Camera resectioning

Camera resectioning (often called camera calibration) is the process of finding the true parameters of the camera that produced a given photograph or video. These parameters characterize the transformation that maps 3D points in the scene to 2D points in the camera plane. Some of these parameters are focal length, format size, principal point, and lens distortion. Camera calibration is often used as an early stage in Computer Vision and especially in the field of Augmented reality.

When a camera is used, light from the environment is focused on an image plane and captured. This process reduces the dimensions of the data taken in by the camera from three to two (light from a 3D scene is stored on a 2D image). Each pixel on the image plane therefore corresponds to a shaft of light from the original scene. Camera resectioning determines which incoming light is associated with each pixel on the resulting image. In an ideal pinhole camera, a simple projection matrix is enough to do this. With more complex camera systems, errors resulting from misaligned lenses and deformations in their structures can result in more complex distortions in the final image.The camera projection matrix is derived from the intrinsic and extrinsic parameters of the camera, and is often represented by the series of transformations; e.g. a matrix of camera intrinsic parameters, a 3x3 rotation matrix, and a translation vector. The camera projection matrix can be used to associate points in a camera's image space with locations in 3D world space.

Camera resectioning is often used in the application of stereo vision where the camera projection matrices of two cameras are used to calculate the 3D world coordinates of a point viewed by both cameras.

Some people call this camera calibration, but many restrict the term camera calibration for the estimation of internal or intrinsic parameters only.

Algorithms

There are many different approaches to calculate the intrinsic and extrinisic parameters for a specific camera setup. A classical approach is Roger Y. Tsai's Algorithm.It is a 2-stage algorithm, calculating the pose (3D Orientation, and x-axis and y-axis translation) in first stage. In second stage it computes the focal length, distortion coefficients and the z-axis translation.

See also

* Augmented reality
* Augmented virtuality
* Mixed reality
* Pinhole camera model

External links

* [http://campar.in.tum.de/twiki/pub/Far/AugmentedRealityIISoSe2004/L3-CamCalib.pdf Camera Calibration] - Augmented reality lecture at TU Muenchen, Germany
* [http://www.cs.cmu.edu/~rgw/TsaiDesc.html Tsai's Approach]
* [http://www.hitl.washington.edu/artoolkit/documentation/usercalibration.htm Camera calibration] (using ARToolKit)
* [http://www.vision.caltech.edu/bouguetj/calib_doc/papers/heikkila97.pdf A Four-step Camera Calibration Procedure with Implicit Image Correction]


Wikimedia Foundation. 2010.

Look at other dictionaries:

  • Compositing — This article is about visual effects. For the process of combining several democratic motions, see compositing (democracy). For the technique of compositing typeset by hand, see typesetting. For compositing in graphic design and still photography …   Wikipedia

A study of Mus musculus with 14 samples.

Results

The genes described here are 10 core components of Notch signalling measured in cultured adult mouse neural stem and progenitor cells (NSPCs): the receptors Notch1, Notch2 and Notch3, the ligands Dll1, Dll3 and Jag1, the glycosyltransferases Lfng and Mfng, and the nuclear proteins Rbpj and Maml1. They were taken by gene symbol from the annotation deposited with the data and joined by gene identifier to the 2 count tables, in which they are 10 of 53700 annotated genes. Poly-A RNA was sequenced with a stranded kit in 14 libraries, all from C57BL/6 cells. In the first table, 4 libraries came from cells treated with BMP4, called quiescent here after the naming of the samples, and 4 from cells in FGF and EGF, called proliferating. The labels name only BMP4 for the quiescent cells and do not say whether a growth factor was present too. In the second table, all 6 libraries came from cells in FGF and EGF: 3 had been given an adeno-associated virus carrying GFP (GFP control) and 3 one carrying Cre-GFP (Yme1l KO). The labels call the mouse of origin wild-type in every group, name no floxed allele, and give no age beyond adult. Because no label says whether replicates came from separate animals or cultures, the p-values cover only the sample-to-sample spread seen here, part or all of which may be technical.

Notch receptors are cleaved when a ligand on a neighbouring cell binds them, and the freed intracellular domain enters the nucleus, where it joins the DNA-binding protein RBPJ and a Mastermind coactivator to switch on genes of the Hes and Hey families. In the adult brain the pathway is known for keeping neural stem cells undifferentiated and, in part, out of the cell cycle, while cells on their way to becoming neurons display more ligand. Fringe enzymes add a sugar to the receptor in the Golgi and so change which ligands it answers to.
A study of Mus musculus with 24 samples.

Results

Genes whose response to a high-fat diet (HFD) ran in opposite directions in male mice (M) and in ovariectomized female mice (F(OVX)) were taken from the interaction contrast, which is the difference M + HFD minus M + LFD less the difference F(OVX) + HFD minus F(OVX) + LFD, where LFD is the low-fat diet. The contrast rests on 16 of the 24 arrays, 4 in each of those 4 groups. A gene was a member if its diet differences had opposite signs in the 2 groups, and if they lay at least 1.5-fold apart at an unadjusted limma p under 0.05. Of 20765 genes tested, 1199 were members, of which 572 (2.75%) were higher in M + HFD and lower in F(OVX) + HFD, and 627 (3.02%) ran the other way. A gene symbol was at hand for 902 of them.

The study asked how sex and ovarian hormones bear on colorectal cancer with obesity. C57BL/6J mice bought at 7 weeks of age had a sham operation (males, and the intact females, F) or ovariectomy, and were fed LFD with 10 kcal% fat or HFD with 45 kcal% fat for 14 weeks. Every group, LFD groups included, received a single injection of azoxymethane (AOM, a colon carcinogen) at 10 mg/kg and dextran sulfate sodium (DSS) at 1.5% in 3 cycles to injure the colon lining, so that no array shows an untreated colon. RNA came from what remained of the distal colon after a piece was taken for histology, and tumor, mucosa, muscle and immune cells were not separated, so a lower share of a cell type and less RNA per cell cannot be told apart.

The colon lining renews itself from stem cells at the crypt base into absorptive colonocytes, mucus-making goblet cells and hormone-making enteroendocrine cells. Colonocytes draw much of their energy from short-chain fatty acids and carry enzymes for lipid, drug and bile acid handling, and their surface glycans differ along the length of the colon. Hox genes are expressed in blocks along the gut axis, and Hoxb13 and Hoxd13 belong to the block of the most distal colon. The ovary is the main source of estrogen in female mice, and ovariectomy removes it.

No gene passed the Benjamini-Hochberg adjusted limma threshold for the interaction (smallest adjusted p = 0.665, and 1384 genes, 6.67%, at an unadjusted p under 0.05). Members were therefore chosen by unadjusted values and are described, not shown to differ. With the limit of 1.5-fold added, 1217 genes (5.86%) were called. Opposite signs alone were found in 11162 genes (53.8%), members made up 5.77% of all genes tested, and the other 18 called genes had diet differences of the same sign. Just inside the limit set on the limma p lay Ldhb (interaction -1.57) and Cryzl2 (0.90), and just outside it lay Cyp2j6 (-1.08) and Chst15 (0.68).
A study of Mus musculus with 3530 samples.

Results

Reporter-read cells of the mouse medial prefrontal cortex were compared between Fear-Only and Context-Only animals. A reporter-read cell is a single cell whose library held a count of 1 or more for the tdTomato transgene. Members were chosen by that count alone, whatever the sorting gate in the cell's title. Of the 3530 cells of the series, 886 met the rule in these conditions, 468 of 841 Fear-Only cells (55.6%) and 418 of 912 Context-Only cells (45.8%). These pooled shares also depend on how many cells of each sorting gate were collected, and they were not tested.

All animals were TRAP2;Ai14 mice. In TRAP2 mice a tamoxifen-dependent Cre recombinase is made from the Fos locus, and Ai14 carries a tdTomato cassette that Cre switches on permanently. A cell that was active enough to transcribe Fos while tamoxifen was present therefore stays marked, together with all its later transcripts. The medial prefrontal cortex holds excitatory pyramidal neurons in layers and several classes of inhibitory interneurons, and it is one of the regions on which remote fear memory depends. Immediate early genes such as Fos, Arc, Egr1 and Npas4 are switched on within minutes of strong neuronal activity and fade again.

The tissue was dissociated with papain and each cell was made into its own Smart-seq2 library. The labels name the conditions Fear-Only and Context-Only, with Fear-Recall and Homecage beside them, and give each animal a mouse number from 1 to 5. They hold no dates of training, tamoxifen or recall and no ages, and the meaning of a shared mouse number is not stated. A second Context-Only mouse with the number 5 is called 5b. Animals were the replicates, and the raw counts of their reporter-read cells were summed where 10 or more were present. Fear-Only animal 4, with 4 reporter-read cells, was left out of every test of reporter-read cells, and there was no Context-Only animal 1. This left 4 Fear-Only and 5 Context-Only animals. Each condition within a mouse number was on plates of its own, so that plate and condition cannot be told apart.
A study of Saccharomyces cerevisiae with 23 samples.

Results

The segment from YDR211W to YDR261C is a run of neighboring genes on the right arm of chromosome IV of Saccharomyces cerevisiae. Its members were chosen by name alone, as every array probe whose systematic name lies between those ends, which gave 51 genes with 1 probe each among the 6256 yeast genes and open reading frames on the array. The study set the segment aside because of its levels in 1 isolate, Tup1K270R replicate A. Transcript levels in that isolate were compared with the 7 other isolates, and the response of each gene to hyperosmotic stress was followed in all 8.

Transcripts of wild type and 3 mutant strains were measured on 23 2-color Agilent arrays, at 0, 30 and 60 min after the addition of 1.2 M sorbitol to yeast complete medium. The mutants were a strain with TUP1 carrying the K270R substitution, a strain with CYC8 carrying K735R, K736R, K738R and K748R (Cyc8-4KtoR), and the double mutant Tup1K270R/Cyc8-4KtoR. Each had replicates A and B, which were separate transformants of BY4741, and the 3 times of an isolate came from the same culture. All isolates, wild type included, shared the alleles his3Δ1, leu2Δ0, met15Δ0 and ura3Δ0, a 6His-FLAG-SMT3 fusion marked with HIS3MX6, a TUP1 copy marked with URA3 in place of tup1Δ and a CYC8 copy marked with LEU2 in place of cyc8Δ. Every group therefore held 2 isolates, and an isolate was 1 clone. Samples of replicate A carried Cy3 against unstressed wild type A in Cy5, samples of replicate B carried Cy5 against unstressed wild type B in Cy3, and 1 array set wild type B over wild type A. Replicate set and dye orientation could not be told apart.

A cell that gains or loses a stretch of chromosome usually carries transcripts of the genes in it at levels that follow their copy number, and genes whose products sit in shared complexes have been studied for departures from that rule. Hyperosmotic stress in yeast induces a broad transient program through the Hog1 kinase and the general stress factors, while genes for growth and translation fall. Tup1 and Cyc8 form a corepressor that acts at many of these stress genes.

• Chroma key — For the progressive rock band, see Chroma Key. For musical tonality depending on key, see Key coloration. Bluescreen and Green screen redirect here. For other uses, see Blue screen and Green screen (disambiguation), respectively. Today s… …   Wikipedia

  • Computer vision — is the field concerned with automated imaging and automated computer based processing of images to extract and interpret information. It is the science and technology of machines that see. Here see means the machine is able to extract information …   Wikipedia

  • Computer stereo vision — See also: Stereopsis Computer stereo vision is the extraction of 3D information from digital images, such as obtained by a CCD camera. By comparing information about a scene from two vantage points, 3D information can be extracted by examination… …   Wikipedia

  • Augmented reality — (AR) is a field of computer research which deals with the combination of real world and computer generated data. At present, most AR research is concerned with the use of live video imagery which is digitally processed and augmented by the… …   Wikipedia

  • Hidden surface determination — In 3D computer graphics, hidden surface determination (also known as hidden surface removal (HSR), occlusion culling (OC) or visible surface determination (VSD)) is the process used to determine which surfaces and parts of surfaces are not… …   Wikipedia

  • Head-mounted display — A head mounted display or helmet mounted display, both abbreviated HMD, is a display device, worn on the head or as part of a helmet, that has a small display optic in front of one (monocular HMD) or each eye (binocular HMD). A binocular head… …   Wikipedia

  • Cave Automatic Virtual Environment — A Cave Automatic Virtual Environment (better known by the recursive acronym CAVE) is an immersive virtual reality environment where projectors are directed to three, four, five or six of the walls of a room sized cube. The name is also a… …   Wikipedia

  • Ubiquitous computing — (ubicomp) is a post desktop model of human computer interaction in which information processing has been thoroughly integrated into everyday objects and activities. In the course of ordinary activities, someone using ubiquitous computing engages… …   Wikipedia

  • Virtual reality — This article is about the sensory technology. For the Alan Ayckbourn play, see Virtual Reality (play). For the gamebook series, see Virtual Reality (gamebooks). U.S. Navy personnel using a VR parachute trainer …   Wikipedia


Share the article and excerpts

Direct link
Do a right-click on the link above
and select “Copy Link”

We are using cookies for the best presentation of our site. Continuing to use this site, you agree with this.